The seven main metabolic hormones include insulin, thyroid, cortisol, DHEA, estrogen, progesterone, and testosterone. Hormones signal when the body should burn fat for fuel to create energy and when it should store fat in case of an emergency. All seven hormones need to be in balance for our stored fat to receive the proper signals.
Your thyroid is a great place to start. Thyroid hormones determine the rate at which fuel is burned in your body. Not enough and your body will retain fat, too much and you will unexpectedly lose weight.
Insulin's job is to turn sugar into energy. It either uses the energy right away or stores the sugar in the body for later use. If you have an overabundance of sugar in your diet, your body will store it as fat. You can combat this by either reducing the amount of sugar you eat (including simple carbohydrates and processed sugars) or by using more energy.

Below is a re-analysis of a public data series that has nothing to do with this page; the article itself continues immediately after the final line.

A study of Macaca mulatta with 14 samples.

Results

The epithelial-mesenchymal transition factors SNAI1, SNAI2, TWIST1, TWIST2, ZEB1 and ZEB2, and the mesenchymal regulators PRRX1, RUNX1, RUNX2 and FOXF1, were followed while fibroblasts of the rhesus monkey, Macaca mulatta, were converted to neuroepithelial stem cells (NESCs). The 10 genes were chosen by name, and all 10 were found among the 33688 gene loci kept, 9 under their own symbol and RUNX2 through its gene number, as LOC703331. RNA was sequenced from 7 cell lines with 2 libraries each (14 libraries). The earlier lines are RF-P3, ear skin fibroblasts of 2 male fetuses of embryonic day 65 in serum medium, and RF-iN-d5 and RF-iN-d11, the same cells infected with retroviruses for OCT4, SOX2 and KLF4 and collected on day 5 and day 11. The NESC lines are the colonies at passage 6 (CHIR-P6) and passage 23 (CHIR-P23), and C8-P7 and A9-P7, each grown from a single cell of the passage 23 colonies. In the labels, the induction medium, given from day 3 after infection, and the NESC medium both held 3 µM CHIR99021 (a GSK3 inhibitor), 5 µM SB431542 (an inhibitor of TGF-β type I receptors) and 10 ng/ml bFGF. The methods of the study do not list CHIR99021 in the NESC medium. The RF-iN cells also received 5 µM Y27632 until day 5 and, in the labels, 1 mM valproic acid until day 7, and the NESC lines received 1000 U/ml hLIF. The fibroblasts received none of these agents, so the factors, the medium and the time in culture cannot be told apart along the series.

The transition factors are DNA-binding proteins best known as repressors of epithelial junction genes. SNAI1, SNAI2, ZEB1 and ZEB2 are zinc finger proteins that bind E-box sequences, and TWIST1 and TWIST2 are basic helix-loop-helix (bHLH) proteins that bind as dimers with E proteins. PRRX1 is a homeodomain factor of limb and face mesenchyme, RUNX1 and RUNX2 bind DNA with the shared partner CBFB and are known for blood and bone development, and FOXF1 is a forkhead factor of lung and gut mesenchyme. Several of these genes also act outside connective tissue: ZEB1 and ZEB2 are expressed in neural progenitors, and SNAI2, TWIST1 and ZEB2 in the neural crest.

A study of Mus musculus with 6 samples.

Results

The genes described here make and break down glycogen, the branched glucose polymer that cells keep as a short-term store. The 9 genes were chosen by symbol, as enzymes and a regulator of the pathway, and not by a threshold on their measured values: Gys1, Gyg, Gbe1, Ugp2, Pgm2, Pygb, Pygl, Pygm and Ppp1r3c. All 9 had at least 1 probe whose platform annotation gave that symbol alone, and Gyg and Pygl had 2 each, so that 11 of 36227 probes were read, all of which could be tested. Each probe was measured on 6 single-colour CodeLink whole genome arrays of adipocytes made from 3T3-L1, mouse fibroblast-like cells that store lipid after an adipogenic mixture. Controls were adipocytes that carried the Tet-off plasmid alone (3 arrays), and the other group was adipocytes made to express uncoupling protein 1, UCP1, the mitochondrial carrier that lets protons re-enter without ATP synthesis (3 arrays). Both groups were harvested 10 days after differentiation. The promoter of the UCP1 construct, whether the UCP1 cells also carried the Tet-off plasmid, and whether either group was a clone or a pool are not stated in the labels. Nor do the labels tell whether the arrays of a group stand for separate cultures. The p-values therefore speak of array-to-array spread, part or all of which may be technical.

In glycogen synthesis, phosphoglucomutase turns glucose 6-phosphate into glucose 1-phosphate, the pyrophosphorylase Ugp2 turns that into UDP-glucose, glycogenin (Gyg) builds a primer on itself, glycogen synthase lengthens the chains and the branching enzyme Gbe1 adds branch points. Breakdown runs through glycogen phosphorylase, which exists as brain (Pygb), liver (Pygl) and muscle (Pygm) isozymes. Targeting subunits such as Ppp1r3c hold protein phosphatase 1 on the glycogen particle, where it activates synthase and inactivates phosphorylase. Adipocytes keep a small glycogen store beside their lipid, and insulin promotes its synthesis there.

Cortisol, DHEA, and our sex hormones are all produced in our adrenal glands. Our adrenals respond to stress and are triggered by our "fight or flight" response. In a life-threatening situation, stress provides us with a rush of energy. However, once the stressful situation has passed, we are left feeling tired, hungry, and possibly even more stressed than before. This prompts us to reach for a quick fix; most likely a sugary snack or bowl of carbohydrates.
Estrogen, progesterone, and testosterone come second to the more essential insulin and cortisol hormones. If the body's hormones are out of balance, these "secondary" hormones will not produce at healthy rates. Low estrogen can affect your mood; low progesterone can result in a heavy period and increased appetite; low testosterone can increase your fat retention, directly causing weight gain.
Getting in touch with what your body is telling you can be complicated, but balanced hormones are vital for a healthy weight. Look closely at your eating habits, mood, stress levels, and sex life for clues about which hormone may be out of balance for you.
Balancing your hormones will look different for everyone. Some hormone imbalances are easy to see from the outside. Other hormonal imbalances require blood tests and medication to treat properly. Regardless, if you think something is off, consult with your medical practitioner.